The local residents, supported by Belgian anti-wind organisation 'VentdeRaison', wrote to European Commission President José Manuel Barroso on 13 April arguing that the wind farm is making the inhabitants of nearby villages suffer from insomnia, migraines and even depression.
Currently, six out of eleven planned wind turbines have been mounted at the Estinnes wind farm. They were originally rated at a capacity of six megawatts each. But Enercon, the German manufacturer of the new model, has said that the turbines are capable of producing over 7MW.
The Estinnes wind farm is a pilot project that allows Enercon to test the performance of the 6MW turbine at higher levels and to assess the grid integration of the 198-metre-high mega-turbines.
The anti-wind groups say that the nearest houses are only 700 metres from the wind turbines, while the French Academy of Medicine recommends living at least 1.5km away from 2.5MW machines. They argue that 7MW turbines would therefore require a distance of more than 4km.
The European Commission provided €6.17 million to finance the project, and the residents say it is equally responsible for the troubles they are experiencing.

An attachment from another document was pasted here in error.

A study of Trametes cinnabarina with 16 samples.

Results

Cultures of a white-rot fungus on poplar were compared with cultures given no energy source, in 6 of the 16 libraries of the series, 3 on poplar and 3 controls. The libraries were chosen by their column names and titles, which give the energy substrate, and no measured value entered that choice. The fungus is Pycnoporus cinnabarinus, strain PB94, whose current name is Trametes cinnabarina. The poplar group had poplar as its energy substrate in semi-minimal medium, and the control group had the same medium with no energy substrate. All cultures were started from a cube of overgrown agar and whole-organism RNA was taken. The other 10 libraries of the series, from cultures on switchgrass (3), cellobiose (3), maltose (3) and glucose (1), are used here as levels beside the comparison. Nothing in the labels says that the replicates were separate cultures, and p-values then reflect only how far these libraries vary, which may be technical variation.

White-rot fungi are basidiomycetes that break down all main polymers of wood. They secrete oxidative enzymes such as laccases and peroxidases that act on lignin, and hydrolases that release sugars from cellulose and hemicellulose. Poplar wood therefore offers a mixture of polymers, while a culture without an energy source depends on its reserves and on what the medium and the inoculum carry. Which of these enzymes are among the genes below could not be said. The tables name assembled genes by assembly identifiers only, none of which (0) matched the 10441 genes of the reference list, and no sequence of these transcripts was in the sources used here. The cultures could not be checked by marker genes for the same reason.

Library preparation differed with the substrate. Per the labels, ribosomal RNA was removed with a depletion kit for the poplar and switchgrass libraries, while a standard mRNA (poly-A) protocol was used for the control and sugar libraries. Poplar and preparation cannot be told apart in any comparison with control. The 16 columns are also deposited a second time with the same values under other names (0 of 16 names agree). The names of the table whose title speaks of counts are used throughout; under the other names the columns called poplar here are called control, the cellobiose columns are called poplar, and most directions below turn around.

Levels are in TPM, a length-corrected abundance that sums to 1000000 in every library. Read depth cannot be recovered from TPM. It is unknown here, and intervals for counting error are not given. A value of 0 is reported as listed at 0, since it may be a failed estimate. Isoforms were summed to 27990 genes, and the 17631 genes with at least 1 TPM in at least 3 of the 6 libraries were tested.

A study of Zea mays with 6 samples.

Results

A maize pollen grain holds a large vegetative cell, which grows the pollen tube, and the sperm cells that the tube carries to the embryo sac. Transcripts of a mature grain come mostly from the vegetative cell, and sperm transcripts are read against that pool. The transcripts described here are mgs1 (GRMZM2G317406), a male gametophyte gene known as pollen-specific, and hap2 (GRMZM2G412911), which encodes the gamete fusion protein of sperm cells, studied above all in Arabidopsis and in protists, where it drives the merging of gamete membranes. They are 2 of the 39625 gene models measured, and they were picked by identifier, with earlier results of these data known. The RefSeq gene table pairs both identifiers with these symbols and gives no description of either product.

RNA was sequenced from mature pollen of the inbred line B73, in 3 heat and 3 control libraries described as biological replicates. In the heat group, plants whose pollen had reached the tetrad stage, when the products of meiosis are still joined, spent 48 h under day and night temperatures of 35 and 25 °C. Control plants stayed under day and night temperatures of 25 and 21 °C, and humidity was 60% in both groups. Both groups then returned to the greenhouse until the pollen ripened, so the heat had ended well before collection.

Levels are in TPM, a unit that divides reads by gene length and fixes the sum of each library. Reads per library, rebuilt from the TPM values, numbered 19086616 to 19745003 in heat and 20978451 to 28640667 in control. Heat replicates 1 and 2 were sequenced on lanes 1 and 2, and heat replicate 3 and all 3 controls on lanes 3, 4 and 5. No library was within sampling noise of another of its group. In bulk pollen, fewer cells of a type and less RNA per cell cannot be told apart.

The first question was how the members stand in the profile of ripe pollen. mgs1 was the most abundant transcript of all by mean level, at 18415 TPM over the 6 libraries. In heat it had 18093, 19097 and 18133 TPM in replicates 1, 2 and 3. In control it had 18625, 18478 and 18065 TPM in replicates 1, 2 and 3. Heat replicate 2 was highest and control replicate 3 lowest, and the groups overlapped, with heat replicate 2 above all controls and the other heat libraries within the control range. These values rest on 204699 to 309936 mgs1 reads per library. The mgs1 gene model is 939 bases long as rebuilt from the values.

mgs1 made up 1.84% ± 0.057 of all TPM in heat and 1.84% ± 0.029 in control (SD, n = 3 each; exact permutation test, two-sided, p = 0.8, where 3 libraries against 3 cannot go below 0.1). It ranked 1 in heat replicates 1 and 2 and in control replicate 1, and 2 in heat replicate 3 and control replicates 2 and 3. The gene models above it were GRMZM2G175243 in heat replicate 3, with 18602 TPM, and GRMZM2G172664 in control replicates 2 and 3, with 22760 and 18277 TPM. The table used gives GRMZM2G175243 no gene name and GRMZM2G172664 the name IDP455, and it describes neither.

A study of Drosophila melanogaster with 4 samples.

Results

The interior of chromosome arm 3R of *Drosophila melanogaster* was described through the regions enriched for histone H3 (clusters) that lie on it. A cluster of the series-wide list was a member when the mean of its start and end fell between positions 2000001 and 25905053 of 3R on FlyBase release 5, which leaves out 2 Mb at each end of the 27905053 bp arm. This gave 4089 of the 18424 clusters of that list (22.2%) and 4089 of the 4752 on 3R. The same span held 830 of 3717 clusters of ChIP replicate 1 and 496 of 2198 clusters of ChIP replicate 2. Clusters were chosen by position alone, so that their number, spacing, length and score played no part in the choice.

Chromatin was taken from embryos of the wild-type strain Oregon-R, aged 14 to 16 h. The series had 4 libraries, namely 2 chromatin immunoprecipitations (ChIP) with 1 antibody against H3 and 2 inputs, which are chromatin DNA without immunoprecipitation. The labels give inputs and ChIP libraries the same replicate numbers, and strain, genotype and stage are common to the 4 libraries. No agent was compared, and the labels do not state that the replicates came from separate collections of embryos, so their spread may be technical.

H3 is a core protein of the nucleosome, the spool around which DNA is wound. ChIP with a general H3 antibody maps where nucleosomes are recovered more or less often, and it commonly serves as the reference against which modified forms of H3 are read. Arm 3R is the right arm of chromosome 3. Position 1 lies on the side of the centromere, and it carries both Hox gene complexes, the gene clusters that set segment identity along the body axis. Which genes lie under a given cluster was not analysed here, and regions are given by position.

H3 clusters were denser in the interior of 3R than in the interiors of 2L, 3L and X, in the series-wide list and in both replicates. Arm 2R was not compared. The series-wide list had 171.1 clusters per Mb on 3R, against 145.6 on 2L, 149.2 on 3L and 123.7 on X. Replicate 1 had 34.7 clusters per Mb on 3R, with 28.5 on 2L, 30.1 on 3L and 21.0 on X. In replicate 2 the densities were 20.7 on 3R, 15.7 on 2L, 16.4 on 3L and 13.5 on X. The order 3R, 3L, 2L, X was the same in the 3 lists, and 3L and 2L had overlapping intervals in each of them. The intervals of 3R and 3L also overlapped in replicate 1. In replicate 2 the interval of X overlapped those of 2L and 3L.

Problems with public acceptance are bound to increase as the EU continues its push to integrate 20% of renewables into its energy mix by 2020.
Anti-wind organisations are sprouting up in different member states, and the 'not-in-my-backyard' attitude is perceived by developers as a major hindrance to obtaining new planning permits.
In the UK, wind farm planning approvals by local councils slumped to a record low of 25% last year, despite increases in the number of farms being built, according to the British Wind Energy Association.
Former UK Deputy Prime Minister John Prescott, who was the UK's chief negotiator for the Kyoto Protocol on climate change, launched an attack on "landowners and nimbys" who he said were obstructing the fight against climate change.
The industry is now focusing strongly on the development of offshore wind, where wind conditions are better and the challenges posed by local opposition are usually lower.
The UK government has launched the biggest offshore wind development project in Europe. The plan would see turbines mounted in deeper waters further from the shore than previously attempted (EurActiv 11/01/10).